Regína sacratíssimi Rosárii, ora pro nobis!

Ave Maria!

Sunday within the Octave of Corpus Christi—7 June AD 2015
(Second Sunday after Pentecost)

Ordinary of the Mass

Mass Text Latin - Sunday within the Octave
Mass Text English - Sunday within the Octaveh

English Mass Text - Corpus Christi
Latin Mass Text - Corpus Christi

“None of these that were invited shall taste of my supper.”

    We tend to think of today as being simply the second Sunday after Pentecost, but the Church traditionally refers to it as the Sunday within the Octave of Corpus Christi.  That may help to explain why the Gospel is this one about invited guests excusing themselves from a very special supper.[1]  We can ask ourselves why Catholics so often fail to make use of every opportunity to assist at Holy Mass.

    Since we are but two weeks after Pentecost, the day on which the Church was born, we would do well to consider the same Gospel in terms of people excusing themselves from Holy Mother Church, founded by Jesus Christ.

    We should recognize that this parable was addressed to the Jewish people of Jesus’ time, but it is nonetheless validly addressed to people of every time in human history, and especially to people of our time as today the Catholic Faith is so often attacked and abandoned even by people who call themselves Catholics.

    Jesus described three major distractions that would keep His listeners from receiving the saving graces ministered by His Church and His Sacraments.  The first man had purchased a farm and must go and see it.  He would seem to belong to the wealthier class, concerned with properly investing his money and letting others make productive use of his investment.  Quite likely, he expects the respect of those whom he hires, as well as the respect of his fellow investors when he has time to chat with them.  He has no time for the Church and Its Sacraments, because “time is money” and because no one in church will single him out for the praise which he feels he richly deserves.

    The second one, the man who bought the oxen, seems to be more of a “hands on” type.  He is accustomed to making his living through the “sweat of his brow,” and has no illusions or expectations about being singled out and praised for doing so.  But his “time is still money,” and even when he is not working, he is more prone to seeking relaxation than to seeking grace.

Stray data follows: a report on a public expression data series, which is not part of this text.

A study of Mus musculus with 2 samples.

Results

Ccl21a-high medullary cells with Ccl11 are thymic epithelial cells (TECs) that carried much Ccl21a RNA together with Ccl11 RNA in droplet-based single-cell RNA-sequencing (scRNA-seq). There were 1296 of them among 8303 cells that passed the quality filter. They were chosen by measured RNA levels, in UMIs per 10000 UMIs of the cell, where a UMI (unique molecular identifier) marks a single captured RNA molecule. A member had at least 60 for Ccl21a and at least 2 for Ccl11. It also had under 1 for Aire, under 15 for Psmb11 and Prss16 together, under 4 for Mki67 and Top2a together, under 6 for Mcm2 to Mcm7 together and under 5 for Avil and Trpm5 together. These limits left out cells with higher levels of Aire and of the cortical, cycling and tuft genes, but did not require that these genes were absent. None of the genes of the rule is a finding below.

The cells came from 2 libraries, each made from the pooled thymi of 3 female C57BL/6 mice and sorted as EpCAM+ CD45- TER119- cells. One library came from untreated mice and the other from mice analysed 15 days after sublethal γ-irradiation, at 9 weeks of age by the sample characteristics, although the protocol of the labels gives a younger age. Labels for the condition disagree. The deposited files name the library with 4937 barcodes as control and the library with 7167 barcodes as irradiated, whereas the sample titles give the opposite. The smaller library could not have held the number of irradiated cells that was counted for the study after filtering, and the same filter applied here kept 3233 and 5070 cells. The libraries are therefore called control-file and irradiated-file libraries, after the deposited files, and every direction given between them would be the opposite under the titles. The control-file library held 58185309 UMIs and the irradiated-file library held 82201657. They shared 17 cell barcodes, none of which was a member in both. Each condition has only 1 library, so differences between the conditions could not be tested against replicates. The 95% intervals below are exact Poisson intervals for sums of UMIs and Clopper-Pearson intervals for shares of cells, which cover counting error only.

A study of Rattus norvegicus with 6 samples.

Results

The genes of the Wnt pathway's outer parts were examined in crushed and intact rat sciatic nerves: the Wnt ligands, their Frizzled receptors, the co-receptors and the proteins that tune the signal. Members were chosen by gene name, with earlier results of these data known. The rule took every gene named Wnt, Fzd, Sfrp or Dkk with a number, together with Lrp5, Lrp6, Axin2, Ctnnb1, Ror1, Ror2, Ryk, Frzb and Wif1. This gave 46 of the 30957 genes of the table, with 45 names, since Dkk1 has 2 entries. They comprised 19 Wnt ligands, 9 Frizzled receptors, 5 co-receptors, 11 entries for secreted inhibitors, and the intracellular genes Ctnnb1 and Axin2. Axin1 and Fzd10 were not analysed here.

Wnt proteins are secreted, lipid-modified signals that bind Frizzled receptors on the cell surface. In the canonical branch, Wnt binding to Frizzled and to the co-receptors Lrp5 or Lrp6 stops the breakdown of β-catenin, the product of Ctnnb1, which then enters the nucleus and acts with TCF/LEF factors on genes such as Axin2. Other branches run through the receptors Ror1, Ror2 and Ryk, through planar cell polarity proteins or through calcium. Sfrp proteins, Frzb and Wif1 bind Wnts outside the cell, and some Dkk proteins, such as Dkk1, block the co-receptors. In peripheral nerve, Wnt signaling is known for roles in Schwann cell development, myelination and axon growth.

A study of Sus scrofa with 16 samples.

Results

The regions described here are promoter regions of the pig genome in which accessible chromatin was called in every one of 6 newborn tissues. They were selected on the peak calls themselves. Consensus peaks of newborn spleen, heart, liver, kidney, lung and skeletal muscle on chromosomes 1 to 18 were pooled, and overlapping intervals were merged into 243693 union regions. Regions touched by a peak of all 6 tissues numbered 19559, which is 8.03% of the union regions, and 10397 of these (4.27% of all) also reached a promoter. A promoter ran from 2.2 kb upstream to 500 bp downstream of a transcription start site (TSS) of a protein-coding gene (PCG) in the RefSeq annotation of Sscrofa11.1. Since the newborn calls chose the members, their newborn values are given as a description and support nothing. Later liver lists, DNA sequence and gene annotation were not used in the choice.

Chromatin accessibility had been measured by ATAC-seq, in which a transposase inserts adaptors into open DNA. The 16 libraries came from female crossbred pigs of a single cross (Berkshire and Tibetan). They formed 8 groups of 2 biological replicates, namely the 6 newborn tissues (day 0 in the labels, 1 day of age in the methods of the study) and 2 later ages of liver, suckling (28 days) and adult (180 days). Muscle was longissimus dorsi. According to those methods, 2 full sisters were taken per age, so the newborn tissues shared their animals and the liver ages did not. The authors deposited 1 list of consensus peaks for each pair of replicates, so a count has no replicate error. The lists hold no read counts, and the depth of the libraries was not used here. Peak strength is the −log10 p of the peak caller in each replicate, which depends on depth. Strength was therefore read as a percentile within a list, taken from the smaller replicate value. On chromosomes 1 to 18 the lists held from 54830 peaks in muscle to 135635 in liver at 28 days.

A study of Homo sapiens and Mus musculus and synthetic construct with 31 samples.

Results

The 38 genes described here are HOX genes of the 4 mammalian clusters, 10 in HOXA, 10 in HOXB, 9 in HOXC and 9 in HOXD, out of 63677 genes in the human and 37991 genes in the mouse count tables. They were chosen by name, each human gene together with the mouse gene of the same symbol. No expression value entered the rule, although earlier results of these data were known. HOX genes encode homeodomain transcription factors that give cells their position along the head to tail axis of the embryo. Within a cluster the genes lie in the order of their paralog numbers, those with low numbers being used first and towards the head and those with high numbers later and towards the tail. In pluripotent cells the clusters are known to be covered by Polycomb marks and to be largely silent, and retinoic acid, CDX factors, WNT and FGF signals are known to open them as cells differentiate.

The third man, the one who just married a wife, represents those who seek the sensual pleasures of life.  Not that marriage is a bad thing, but marriage itself should be fostered by the teachings of the Church and the graces of the Sacraments.  No man should be so occupied with his romantic interests that they become sinful, or that he has no time for God, who should be his first love.

    We must recognize, though, that none of these three outlooks on life is altogether bad.  Capital and labor are good things, particularly if the work together so that everyone has clothing and a roof over his head, and adequate food, necessary medicines, and so forth.  Those who are forced to endure privation of these necessities rarely develop a spiritual outlook about it—it is hard to be spiritual when you can’t properly feed and clothe your children.  Likewise, marriage is a good thing.  It has God for its author, and is the building block of families and civil societies.

    So being a good Catholic is something of a “balancing act.”  We must engage the duties we have in the world, while giving place to the things of God.  We must be on our guard against pride, avarice, and lust, while continuing to do the things necessary to living in the world.  As they say, “we must be in the world, but not of this world.” Figuratively, we must be like “the poor, and the feeble, and the blind, and the lame,” rather than being like the sophisticated and successful people of the world.  Pride, avarice, and lust must be overcome with humility, generosity, and chastity.  Holy Church and Holy Mass must be as much a part of our lives as our labors and our spouses and families.

    Saint Matthew’s Gospel has a similar passage that ends with the host of the dinner going in and finding a man not wearing a wedding garment.[2]  The host has the offender bound hands and feet, and cast out in the darkness outside.  This isn’t as nasty as it might seem.  The man was not being punished for being too poor to dress properly.  My understanding is that the Jewish custom was for the host to provide festive over‑garments for his guests—the guest had merely to select on and put it on.

    For our purposes, we can think of the wedding garment as the robe of grace that was freely given to us at Baptism—that magnificent garment which properly outfits us for all of our encounters with the Church and the Sacraments.  Over the years, most of us have sullied our baptismal garments—but Holy Mother Church will make them clean again (at no charge) through sacramental Confession.  Our Lord recognized the difficulties of living in this world and gave us the means to recover from our mistakes by instituting this great Sacrament.  There is never a reason to assist at Holy Mass without the “wedding garment” that is sanctifying grace.

    The message is clear.  We must balance our lives, so that we may be in the world, but not of it.  We must practice humility, generosity, and chastity.  We must preserve the garment of sanctifying grace.  We must be like “the poor, and the feeble, and the blind, and the lame,”  Otherwise, we will find ourselves “bound hands and feet, and cast out in the darkness outside.”  Otherwise, on Judgement Day we will understand our Lord to be saying of us: “None of these that were invited shall taste of my supper.”

    So remember that a little humility, generosity, and chastity—coupled with frequent Confession—will go a long way.  Welcome to the Supper of our Lord!